Bishop Anthony B. Taylor delivered this homily June 28.
I once heard the story of two brothers who lived in Georgia in the 1950s and 1960s. One was very involved in the struggle for Civil Rights and was engaged in a number of courageous acts of civil disobedience — and consequently he found himself in a lot of legal trouble.
The other brother was an attorney practicing in Atlanta who was trying to build up his practice. The activist brother asked his lawyer brother to give him legal help in his unpopular struggle. He said, “Look, you are committed to Christ, aren’t you? Jesus said, ‘Take up your cross and follow me.’” The attorney replied, “Yes, I’m willing to follow Christ to the cross, but I’m not willing to hang on it myself.”
That’s a very instructive story that comes right out of today’s Gospel reading. Why wouldn’t the lawyer brother help his activist brother? They both say they are committed to Christ and so the attorney is presumably a good person and so also presumably in favor of human rights, at least in theory, but he is only committed up to a point. He admires Christ a lot and probably even admires his brother, but he is not willing to be crucified with him.
But you know what, if he’s not willing to go to the cross, he’s really not even a follower of Christ because he’s not going where Christ is going. He’s just an admirer of Christ, not a follower of Christ.
Many of Jesus’ contemporaries admired him without believing in him. And today, many so-called Christians profess faith in Jesus — they can recite all of the theological concepts contained in the Creed — but still without really following Jesus. Faith has touched their mind, but apparently not yet their will. Jesus says in today’s Gospel, “He who will not take up his cross and come after me is not worthy of me.”
That is the message of today’s Gospel. Jesus tells us that it is not enough for us to be admiring bystanders. He wants us to take up a cross and often this means helping someone else with his or her cross. It is not easy to take up a cross. Simon of Cyrene helped Jesus with his cross on the way to Calvary, but I’m sure he didn’t find it easy.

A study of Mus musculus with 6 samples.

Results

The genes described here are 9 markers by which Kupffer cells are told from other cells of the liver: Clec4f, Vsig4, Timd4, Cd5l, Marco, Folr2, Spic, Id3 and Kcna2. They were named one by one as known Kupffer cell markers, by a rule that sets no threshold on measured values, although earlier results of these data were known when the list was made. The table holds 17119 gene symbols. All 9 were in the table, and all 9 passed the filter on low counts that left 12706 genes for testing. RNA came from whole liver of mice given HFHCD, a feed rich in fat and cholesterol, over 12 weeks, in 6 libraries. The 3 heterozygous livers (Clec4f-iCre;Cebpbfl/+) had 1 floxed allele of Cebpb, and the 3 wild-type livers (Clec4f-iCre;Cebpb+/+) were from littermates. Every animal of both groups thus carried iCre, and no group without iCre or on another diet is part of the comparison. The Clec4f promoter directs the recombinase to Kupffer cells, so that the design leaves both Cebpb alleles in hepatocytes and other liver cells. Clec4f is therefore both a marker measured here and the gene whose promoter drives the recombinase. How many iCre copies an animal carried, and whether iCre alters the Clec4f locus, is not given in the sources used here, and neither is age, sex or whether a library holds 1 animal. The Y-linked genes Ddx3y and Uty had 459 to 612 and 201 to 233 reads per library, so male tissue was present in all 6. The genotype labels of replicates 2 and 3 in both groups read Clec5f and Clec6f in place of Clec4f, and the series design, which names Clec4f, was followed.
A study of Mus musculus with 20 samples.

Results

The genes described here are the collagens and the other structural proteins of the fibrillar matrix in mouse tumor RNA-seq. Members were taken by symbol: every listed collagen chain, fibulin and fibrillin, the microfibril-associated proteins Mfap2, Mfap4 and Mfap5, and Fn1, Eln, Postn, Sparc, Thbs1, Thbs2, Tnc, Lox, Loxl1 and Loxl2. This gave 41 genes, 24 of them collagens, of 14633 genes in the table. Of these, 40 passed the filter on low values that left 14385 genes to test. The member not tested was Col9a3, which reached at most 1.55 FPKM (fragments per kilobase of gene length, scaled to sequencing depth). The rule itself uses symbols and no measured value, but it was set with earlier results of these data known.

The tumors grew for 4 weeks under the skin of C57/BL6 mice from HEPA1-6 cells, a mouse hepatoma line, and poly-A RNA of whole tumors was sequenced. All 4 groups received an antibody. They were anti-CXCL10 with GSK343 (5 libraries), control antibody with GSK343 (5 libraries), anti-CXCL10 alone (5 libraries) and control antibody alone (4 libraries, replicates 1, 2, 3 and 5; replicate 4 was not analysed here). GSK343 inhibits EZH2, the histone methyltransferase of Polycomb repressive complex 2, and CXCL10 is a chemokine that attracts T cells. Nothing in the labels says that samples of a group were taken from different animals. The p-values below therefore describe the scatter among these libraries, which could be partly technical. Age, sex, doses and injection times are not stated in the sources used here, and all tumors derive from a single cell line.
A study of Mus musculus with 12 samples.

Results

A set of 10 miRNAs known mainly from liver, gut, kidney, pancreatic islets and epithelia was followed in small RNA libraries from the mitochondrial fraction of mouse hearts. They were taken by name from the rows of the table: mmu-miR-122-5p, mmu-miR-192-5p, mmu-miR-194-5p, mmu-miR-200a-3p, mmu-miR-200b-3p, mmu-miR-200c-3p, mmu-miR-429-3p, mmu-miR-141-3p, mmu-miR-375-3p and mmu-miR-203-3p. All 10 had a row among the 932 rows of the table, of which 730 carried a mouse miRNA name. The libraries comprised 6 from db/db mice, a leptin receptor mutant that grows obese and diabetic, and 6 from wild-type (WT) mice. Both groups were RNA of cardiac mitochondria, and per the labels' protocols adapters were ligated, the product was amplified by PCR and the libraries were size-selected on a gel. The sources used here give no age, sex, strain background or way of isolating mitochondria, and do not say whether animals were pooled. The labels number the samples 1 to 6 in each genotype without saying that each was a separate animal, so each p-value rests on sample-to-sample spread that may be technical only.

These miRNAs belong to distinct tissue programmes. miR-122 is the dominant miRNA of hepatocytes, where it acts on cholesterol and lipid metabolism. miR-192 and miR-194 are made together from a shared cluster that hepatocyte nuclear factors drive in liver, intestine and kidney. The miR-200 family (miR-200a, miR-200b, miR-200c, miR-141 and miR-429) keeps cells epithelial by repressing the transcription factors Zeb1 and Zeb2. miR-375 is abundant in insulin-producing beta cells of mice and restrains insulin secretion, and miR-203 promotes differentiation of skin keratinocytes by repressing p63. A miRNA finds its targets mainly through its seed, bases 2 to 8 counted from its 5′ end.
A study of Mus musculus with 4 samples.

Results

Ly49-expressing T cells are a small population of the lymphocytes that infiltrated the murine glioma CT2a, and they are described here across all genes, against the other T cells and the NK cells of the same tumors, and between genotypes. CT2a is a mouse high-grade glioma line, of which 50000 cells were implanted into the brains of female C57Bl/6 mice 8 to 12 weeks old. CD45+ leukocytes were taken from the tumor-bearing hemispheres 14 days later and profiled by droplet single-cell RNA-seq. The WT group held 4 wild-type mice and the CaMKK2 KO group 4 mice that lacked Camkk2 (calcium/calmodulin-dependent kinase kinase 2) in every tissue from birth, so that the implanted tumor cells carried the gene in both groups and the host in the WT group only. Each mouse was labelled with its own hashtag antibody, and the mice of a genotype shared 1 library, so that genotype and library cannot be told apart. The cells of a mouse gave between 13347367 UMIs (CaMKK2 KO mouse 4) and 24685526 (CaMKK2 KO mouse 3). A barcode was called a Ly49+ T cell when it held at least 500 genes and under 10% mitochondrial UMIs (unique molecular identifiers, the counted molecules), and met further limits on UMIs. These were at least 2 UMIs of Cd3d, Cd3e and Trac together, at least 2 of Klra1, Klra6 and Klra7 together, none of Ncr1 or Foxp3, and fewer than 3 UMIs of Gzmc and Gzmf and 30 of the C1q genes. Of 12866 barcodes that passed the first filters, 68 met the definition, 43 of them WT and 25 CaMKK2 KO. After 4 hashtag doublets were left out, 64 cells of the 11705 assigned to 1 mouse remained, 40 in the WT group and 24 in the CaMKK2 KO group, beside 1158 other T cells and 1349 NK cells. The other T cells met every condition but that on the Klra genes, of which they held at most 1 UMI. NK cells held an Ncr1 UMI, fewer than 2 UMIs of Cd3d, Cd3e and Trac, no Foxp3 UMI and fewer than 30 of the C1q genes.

Each of us must decide what will be the primary allegiance of our life. Most of us who are healthy, not drug addicts or alcoholics, most of us who are healthy choose genuinely worthwhile things as the primary allegiance of our life.
For some of us the primary allegiance is our family, a wonderful thing. We admire people who are committed to their families, and we feel that especially on this weekend when we have just celebrated a wedding, surrounded by family and friends but shockingly, to us, Jesus says, “Whoever loves father or mother, son or daughter more than me is not worthy of me.”
Others of us are like the lawyer I spoke of, for whom his career and good reputation were the primary allegiance of his life. Priests and bishops can fall into this trap too. And again, we all admire people who try to live good, moral upstanding lives, but again Jesus shocks us when he says, “He who will not take up his cross and come after me is not worthy of me.“
What Jesus says is that he must be the primary allegiance of our lives. He’s the only one we really have to please, and sometimes doing the right thing, especially in the face of opposition, can be very challenging.
But anything less is not worthy of him.